The idea behind K’NEX courting private equity late in 2014 was to push the successful toymaker’s wildly popular plastic building sets into China.

“Having had success in the UK, we felt like we were at an inflection point where either we’re going to do it all on our own or, if we could get a financial partner with expertise specifically in China, that it would make for a good springboard to grow more quickly,” says Michael Araten, the toymaker's former CEO who still leads K'NEX creator Rodon Group as well as Sterling Drive Ventures.

Cathay Capital North America won the deal in 2016, not because of the PE firm’s financial muscle — Araten says there were literally trillions of dollars chasing deals at the time — but because of its connections to decision makers on the ground in China and its network of high-level, been-there-done-that, Fortune 500 experts-turned-advisers.

Here’s how Araten chose the best private equity partner to back his international expansion — before K'NEX became collateral damage from the Toys 'R' Us bankruptcy and was sold.

The value of expertise

Rather than retaining a formal investment banker as an adviser, Araten retained former toy CEOs who had done a fair amount of advising on, and M&A transactions in, the toy space over the previous decade. He wanted them to help K’NEX filter firms for expertise, rather than capital. Heading into the China market, it was critical to hit the ground with the right partnerships, distribution opportunities and supply chain. Cathay Capital was ultimately the choice, and the influence of the PE firm was soon felt.

“The first big difference was the ability to filter out real partners from not real partners in China, which is, from someone sitting here in suburban Philadelphia, just hard to do,” Araten says. “They’ve got 80 people on the ground in China. They’ve had long-term relationships literally from the premier of China on down. And when we were talking to companies about doing distribution deals, warehouse deals, social media deals, we were talking with the premiere companies. We had meetings with Tencent, with Alibaba and others, and at senior levels that we never could have gotten without their particular relationships and expertise.”

The deal with the firm also took away the worry of funding for its growth initiatives and linked K’NEX to both financial and operational expertise, the latter from the likes of people who had worked with large, international brands, such as Microsoft Xbox, LuLuLemon and Nike.

“Seeing things from the Fortune 500 perspective and then being able to adapt them for a middle-market company trying to grow was incredibly valuable,” he says.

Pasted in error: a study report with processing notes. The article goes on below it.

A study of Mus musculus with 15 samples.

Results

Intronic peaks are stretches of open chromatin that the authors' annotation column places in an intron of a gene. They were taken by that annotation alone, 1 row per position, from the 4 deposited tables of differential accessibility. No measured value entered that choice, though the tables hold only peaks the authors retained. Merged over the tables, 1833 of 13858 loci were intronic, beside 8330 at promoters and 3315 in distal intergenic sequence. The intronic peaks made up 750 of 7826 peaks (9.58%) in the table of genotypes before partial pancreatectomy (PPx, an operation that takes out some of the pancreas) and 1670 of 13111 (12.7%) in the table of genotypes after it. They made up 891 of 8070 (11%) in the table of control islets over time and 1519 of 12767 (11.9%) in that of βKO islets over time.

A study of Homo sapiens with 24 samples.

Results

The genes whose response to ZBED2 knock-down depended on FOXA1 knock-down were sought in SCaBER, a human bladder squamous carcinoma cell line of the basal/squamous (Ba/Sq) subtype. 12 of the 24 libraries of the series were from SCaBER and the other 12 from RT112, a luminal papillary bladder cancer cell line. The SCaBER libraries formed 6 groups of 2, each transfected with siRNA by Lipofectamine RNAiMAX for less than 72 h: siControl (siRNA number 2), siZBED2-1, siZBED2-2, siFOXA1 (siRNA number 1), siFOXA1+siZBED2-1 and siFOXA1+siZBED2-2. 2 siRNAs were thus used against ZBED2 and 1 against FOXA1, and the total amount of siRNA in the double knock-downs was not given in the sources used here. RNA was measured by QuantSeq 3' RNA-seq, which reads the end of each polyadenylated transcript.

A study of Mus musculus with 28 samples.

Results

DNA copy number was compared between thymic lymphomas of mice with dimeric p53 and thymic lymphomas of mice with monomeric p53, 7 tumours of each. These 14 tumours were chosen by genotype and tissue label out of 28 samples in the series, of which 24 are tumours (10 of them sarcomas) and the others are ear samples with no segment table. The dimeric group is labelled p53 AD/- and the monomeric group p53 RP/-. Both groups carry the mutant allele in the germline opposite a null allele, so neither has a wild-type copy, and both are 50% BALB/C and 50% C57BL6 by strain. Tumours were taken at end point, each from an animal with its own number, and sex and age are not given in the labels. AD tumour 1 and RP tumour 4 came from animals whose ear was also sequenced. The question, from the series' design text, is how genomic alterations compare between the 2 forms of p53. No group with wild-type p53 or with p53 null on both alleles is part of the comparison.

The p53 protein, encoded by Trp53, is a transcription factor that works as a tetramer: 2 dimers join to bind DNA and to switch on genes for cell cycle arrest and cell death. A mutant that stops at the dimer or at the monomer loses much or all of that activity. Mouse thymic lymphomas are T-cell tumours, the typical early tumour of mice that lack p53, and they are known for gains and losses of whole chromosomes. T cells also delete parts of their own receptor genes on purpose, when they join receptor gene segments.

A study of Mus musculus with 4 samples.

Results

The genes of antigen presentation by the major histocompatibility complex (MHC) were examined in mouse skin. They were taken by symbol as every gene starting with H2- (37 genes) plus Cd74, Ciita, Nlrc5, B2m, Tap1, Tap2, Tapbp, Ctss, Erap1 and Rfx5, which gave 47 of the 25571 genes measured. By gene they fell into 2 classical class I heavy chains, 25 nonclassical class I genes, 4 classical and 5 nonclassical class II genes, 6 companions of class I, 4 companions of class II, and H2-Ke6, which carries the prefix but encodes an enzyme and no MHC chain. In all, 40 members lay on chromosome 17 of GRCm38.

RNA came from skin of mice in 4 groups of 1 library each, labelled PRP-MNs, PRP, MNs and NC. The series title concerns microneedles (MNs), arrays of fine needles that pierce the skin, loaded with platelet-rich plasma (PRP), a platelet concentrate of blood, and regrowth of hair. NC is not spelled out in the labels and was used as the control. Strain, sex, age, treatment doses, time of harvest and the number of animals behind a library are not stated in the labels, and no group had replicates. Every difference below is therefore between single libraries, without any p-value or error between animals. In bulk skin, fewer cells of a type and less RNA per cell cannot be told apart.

Compromise or walk away

The full-throttle drive into China came at a cost of majority ownership, something Araten says owners need to understand before talks for private equity backing can begin in earnest. That can bring with it a new hierarchical structure and reporting requirements that many in the middle-market C-suite who’ve grown accustom to answering only to themselves might find cumbersome, if not unbearable.

For K’NEX, it meant additional layers of bureaucracy, increased frequency of financial reporting and quarterly board meetings that were more formal than ownership’s family meetings.

Having 15 years outside the family business in which he reported to bosses and boards, Araten says he was able to take these formalities is stride. But some CEOs might be less prepared for the shift.

“I tell CEOs — and especially family owners — that we went in with pretty open eyes,” he says. “We figured if we’re selling a majority stake then we’re willing to give up this control. That’s the deal. That’s the tradeoff. And you’re giving that up for a better future, hopefully, more expertise, more resources, more support. If you aren’t built that way, to be able to do that, then you should either sell 100 percent and walk away or you shouldn’t do it because there’s definitely more oversight.”

Avoid black swans

For companies looking for PE backing, Araten says take your time.

“Really look at references of the people who have done deals with these people before,” he says. “Find out what their average exit time is. Look at what have they done when times are tough because everybody’s got good plans going in and sometimes the plans, you know … black swans arrive,” he says.

He also advises CEOs to come to terms with the fact that you’re giving up control and go as far as determining what your day-to-day will look like post-transaction.

Araten recommends negotiating no longer than a three-year contract for yourself with options to renew. He says you’re not going to know how you’ll feel if it doesn’t go well, so give yourself an out if the fit isn’t as good as you’d hoped.

Lastly, Araten gives a nod to the professionals who will help guide and structure the deal — those who cross the all-important T’s and dot the elusive I’s.

“You will think that the advisers, especially the tax advisers and the lawyers, cost too much,” he says. “But they’re worth it. They’ve seen many more deals than you as an owner will ever see, and they will help you structure a transaction where you get the most out of it now and get more out of it over time.

“Those advisers are critical and useful. While it’s not fun to pay $600, $700, $800 per hour, it’s worth it.”